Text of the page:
The simple answer to the question might be “I have no idea” and you won’t be alone with that opinion but to help you try to answer the question, here are a few things to consider.

1. What do your budget scenarios and cash flow forecasts tell you?

Budgeting in uncertain times can be difficult so it is more important than ever to look at best-case and worst-case scenarios to determine what your future cash position will be, or could be, given changes to trading conditions. How can you build in protections and what levers can you pull in your budget to provide cash-flow headroom?

In reviewing this budget, you need to ensure that you have stress-tested the assumptions that support your calculations, as errors here will have a cascading effect. You should also take a moment to think about what unstated assumptions might be hidden in your budget, as these especially might prove to be false in more turbulent trading conditions. To do this simply list out those assumptions you have stated and consider what other external forces are being applied that will impact your budget.

In completing your critical analysis of the assumptions, look at those that have the highest impact combined with the highest potential for failure as a priority. If you can build support around these critical assumptions, you will be in a strong position to succeed.

2. Do you have your overheads in control?

Now that the government stimulus packages, landlord rent relief and bank loan repayment holidays are ending it is critically important to analyse the impact of these increased costs on your business.

If you are looking at the impending mountain of costs that are about to land in your business, it might well be worth considering a tactical administration process to enable the business to “cut the fat” of onerous contracts and emerge out the other side a lean and efficient beast ready for the next challenge. While this might seem like a process that no business owner wants to go through, it might be the best option available to you so that you can continue to operate. Recent media articles have already identified that some of the larger businesses in retail are moving through this process, so perhaps it could be worth considering sooner rather than later to get the early start. Leaving this decision too late could be the difference between getting your business back off the administrators and being forced into liquidation.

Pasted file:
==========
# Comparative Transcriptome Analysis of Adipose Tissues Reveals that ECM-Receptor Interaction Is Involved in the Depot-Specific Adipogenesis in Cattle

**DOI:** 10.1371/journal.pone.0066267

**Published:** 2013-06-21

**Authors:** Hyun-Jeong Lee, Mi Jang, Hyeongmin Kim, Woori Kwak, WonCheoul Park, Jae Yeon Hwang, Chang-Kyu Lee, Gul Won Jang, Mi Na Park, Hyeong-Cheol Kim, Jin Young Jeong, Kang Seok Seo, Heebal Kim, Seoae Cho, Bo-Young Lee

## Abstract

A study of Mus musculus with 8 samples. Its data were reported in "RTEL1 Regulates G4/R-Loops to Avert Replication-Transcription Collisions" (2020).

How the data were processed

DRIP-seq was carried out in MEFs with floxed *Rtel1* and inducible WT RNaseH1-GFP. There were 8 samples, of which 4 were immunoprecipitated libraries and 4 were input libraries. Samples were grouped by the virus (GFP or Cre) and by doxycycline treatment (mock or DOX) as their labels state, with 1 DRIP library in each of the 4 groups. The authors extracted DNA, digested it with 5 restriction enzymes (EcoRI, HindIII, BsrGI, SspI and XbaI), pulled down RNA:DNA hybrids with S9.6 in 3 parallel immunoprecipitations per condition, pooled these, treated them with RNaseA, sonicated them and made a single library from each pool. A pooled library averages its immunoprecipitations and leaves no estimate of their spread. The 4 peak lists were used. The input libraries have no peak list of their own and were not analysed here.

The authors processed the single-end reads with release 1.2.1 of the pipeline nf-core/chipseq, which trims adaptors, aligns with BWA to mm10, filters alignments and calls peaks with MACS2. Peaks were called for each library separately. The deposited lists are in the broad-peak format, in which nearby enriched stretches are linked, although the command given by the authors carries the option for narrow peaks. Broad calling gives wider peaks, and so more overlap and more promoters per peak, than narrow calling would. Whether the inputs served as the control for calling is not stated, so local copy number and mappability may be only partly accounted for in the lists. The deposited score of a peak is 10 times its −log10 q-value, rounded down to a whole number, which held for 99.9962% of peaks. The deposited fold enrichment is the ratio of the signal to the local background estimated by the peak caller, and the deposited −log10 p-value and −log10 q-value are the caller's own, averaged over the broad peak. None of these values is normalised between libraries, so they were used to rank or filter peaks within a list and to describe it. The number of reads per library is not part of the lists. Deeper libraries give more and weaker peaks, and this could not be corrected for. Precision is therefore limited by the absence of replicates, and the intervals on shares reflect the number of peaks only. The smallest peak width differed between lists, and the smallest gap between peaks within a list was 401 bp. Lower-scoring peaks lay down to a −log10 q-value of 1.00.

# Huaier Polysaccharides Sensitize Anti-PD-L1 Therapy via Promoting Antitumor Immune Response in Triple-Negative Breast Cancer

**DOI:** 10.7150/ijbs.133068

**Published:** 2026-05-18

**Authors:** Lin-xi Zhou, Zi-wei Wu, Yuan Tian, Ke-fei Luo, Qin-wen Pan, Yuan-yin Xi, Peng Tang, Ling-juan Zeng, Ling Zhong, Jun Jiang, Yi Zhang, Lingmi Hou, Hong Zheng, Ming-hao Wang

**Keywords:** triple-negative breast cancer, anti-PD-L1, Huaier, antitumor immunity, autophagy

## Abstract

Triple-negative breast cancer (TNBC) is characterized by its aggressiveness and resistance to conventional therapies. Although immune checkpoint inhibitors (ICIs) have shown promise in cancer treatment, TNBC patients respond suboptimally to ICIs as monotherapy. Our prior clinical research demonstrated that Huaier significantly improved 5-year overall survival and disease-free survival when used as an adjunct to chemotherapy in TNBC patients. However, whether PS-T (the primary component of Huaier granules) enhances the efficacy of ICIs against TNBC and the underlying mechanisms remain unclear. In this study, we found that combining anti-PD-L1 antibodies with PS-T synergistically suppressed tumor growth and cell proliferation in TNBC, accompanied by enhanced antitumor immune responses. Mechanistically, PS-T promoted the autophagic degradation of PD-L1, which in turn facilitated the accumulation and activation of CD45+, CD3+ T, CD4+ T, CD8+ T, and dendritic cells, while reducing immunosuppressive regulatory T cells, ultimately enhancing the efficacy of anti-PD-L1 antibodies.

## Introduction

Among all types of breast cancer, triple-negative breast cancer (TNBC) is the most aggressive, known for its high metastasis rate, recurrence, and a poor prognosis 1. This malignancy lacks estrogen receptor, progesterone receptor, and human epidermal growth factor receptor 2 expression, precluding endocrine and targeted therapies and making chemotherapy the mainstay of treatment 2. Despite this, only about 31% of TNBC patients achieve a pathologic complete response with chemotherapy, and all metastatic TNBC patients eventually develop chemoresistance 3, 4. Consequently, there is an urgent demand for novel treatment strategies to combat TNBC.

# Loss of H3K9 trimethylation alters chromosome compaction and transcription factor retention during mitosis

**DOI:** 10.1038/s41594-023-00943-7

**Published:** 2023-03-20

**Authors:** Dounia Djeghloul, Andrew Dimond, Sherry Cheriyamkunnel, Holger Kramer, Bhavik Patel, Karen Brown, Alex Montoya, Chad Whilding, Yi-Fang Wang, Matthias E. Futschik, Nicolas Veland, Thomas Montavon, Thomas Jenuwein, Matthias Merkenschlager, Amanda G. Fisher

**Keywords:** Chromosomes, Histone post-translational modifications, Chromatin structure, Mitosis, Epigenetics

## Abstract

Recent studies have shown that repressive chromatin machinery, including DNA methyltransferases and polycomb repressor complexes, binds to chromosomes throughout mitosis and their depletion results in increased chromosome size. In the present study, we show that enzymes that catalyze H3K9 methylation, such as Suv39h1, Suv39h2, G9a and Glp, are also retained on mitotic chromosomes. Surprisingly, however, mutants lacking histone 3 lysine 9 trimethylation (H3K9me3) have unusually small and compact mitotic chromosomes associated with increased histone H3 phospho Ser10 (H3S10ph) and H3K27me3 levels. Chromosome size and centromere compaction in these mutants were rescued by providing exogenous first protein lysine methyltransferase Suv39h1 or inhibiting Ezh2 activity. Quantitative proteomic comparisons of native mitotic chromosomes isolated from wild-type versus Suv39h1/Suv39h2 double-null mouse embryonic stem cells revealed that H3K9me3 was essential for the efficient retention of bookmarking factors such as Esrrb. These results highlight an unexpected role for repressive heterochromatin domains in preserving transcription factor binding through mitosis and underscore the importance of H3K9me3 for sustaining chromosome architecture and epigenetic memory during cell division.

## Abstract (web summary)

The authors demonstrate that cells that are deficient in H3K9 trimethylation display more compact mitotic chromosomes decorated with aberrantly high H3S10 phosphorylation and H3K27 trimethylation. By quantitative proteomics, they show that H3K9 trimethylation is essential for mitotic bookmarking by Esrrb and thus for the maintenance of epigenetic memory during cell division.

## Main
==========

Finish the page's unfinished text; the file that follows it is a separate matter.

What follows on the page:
3. What are your competitors doing?

It might seem like a simple question to ask but are you aware of what your competitors are doing and how they’re going about it? If you aren’t aware of how your competitors are going about their business, how do you propose to outperform them and win in the market?

Another thing to consider when completing your competitor analysis is if you can remove them from the equation by buying them out, particularly if you have the balance sheet strength available to fund any acquisitions. This can have a two-fold impact to your business in that you’ve removed your competition and also increased your own market share. If it is complementary enough you can simply roll the business into yours without absorbing any additional overheads for instant profit improvement!

4. Do you have the right people around you?

In answering this question think about who you are receiving advice from, are they rowing in the same direction as you? Are they invested in your success or simply along for the ride? To make this assessment you should separate the people around into two silos, personal and professional. Your personal group is more than likely highly invested in your success as the business is their livelihood, but are all your employees on board? If not, you should consider if they are the kind of people you need on the bus and make some difficult decisions.

These are just some of the things that we discuss with our clients on an ongoing basis and we have found that now, more than ever, they are the difference between winning and losing in the market.

For further assistance please don’t hesitate to contact your Fordham Partner.

This information has been prepared by Fordham Business Advisors Pty Ltd (Fordham) ABN 77 140 981 853. Fordham’s liability is limited by a scheme approved under Professional Standards Legislation. It is general information only and is not intended to provide you with advice or take into account your objectives, financial situation or needs. You should consider, with a financial adviser, whether the information is suitable for your circumstances. To the extent permitted by law, no liability is accepted for any loss or damage as a result of any reliance on this information. This information is believed to be accurate at the time of compilation and is provided in good faith. Fordham is a subsidiary of Perpetual Limited ABN 86 000 431 827.